Inspiring Female Scientists: Yale’s Second Annual UWISAY Conference

Courtesy of UWISAY.

On December 8th, while students on campus buzzed with anticipation for the night’s holiday dinner, Yale female undergraduates, graduate students, and professors in William Harkness Hall buzzed with anticipation for a different reason: the start of the Second Annual Conference for Undergraduate Women in Science and Engineering at Yale (UWISAY). The UWISAY conference featured an exciting day of panels, each discussing a unique topic relevant to female students contemplating a career in science.

Start-Ups Panel. From left to right: Keila Fong (Senior, Co-President of YEI Idea Institute), Alyssa Siefert (Biomedical Engineering Graduate Student, TA for New Product Development and Creativity class at Yale), Alena Gribskov (Programs Manager, YEI). Courtesy of Molly Patterson.

According to UWISAY’s pamphlet, the conference aimed to “create a network of female science and engineering undergraduate, graduate students and faculty at Yale.” T. Kyle Vanderlick, Dean of the Yale School for Engineering & Applied Sciences, provided an inspiring start to the conference as its keynote speaker. Dean Vanderlick has established herself as a strong role model for women in science, and her career was discussed as an inspiration for women seeking leadership roles in science. In her talk, she shared her journey and articulated the need for more “women around the table” ¬of scientific leaders, for their presence inspires discussions that “don’t come up any other way.”

Science Research Panel. From left to right: Linda Zhou (Junior, undergraduate research with rainforest lab), Louise Edwards (Lecturer and Researcher, Astronomy Department), and Helen Caines (Professor, Physics Department). Courtesy of Molly Patterson.

Eight lively panels filled the rest of the afternoon, addressing topics such as non-traditional career paths in the STEM fields, life as a graduate student, and how to get involved in start-ups at Yale. In one panel, several seniors planning on starting careers in the sciences examined their four-year journey and provided attendees with advice on the challenging task of balancing scientific ambitions with artistic and athletic passions. The desire of all the panelists to inspire and support the attendees was evident as numerous panelists took the time to talk with students individually after the discussions.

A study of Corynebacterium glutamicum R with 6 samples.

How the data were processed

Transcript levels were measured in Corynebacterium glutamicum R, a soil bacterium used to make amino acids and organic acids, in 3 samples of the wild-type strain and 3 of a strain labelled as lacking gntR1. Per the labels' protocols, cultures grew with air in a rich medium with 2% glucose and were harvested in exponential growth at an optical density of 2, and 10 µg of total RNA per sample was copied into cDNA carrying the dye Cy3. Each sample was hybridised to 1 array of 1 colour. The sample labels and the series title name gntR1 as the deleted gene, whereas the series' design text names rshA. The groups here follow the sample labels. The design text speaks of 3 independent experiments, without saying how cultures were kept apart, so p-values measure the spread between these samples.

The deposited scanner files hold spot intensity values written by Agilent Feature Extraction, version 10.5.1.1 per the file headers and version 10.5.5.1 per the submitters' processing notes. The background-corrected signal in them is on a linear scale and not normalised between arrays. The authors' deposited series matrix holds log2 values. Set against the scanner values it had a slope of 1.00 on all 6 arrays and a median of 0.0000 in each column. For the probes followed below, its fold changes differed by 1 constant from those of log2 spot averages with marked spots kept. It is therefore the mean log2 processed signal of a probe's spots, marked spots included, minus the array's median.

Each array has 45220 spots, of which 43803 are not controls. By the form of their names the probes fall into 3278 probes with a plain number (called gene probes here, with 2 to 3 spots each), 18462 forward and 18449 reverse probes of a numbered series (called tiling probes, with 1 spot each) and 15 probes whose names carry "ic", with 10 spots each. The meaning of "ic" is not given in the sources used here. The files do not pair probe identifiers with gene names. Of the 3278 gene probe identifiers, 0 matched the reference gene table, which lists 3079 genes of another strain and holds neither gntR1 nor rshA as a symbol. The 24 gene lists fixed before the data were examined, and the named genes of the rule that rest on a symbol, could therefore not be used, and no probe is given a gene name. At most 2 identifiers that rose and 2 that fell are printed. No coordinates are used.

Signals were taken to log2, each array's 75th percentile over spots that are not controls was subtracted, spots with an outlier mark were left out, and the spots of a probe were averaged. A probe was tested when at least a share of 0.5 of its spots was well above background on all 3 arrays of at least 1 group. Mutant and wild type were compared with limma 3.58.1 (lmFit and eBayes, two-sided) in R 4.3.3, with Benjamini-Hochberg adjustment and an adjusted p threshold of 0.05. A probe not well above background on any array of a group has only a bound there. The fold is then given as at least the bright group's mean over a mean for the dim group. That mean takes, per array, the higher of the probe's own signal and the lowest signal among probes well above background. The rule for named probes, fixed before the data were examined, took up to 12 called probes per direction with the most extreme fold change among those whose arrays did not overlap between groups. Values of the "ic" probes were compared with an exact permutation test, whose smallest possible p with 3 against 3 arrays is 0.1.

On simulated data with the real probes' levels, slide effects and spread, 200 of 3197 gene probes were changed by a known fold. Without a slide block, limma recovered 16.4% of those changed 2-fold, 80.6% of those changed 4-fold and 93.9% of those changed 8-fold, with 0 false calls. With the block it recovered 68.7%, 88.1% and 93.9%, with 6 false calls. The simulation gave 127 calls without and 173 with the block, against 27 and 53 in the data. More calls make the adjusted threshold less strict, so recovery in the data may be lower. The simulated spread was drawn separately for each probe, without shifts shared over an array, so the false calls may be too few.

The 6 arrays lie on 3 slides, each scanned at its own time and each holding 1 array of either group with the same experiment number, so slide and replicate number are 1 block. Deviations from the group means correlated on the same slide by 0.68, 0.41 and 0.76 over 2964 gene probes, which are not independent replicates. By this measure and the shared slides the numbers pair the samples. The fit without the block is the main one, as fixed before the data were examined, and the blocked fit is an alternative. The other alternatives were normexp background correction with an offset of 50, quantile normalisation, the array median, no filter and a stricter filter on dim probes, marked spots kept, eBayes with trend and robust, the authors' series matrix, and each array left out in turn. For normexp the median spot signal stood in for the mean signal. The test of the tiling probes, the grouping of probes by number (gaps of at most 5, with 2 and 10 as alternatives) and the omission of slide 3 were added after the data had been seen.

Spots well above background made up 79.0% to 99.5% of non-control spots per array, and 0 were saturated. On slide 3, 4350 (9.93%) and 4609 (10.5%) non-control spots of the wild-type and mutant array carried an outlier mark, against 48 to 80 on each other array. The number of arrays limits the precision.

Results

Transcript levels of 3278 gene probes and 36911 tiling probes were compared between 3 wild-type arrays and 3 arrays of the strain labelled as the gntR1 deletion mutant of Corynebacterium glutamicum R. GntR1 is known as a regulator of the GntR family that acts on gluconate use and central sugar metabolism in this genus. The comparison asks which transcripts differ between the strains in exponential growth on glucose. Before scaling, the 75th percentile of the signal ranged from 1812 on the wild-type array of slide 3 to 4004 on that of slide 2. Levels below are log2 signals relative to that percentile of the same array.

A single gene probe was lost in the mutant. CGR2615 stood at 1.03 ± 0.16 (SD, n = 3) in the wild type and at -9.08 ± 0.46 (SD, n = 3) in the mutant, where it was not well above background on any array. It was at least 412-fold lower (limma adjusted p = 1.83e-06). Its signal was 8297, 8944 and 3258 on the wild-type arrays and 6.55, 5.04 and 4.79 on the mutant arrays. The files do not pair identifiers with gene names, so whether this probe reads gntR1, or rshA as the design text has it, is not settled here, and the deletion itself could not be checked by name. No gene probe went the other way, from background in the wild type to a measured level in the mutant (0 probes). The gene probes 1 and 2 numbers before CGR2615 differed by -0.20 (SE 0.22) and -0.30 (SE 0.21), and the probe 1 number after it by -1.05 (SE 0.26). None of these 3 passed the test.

The day rounded off with an activities fair, where representatives from organizations such as the American Institute of Chemical Engineers and Club Geo provided more information about how to get involved in extracurricular scientific opportunities on campus.

Engineering Research Panel. From left to right: Connie Wu (Senior, undergraduate research in chemical engineering), Karen Dannemiller (Graduate student, Environmental Engineering), Anjelica Gonzalez (Professor, Biomedical Engineering). Courtesy of Molly Patterson.

Molly Patterson, UWISAY Conference Chair, commented on the impact of the event, “The undergraduate attendees today were hopefully inspired to continue pursuing their scientific passions after hearing success stories from the female science and engineering role models on each panel.” The conference was aligned with UWISAY’s mission, which is to support the community of women at Yale interested in science, technology, engineering, and math. With an inspiring speaker and informative panels, the Second Annual UWISAY Conference was a clear representation of Yale’s supportive environment for aspiring female scientists.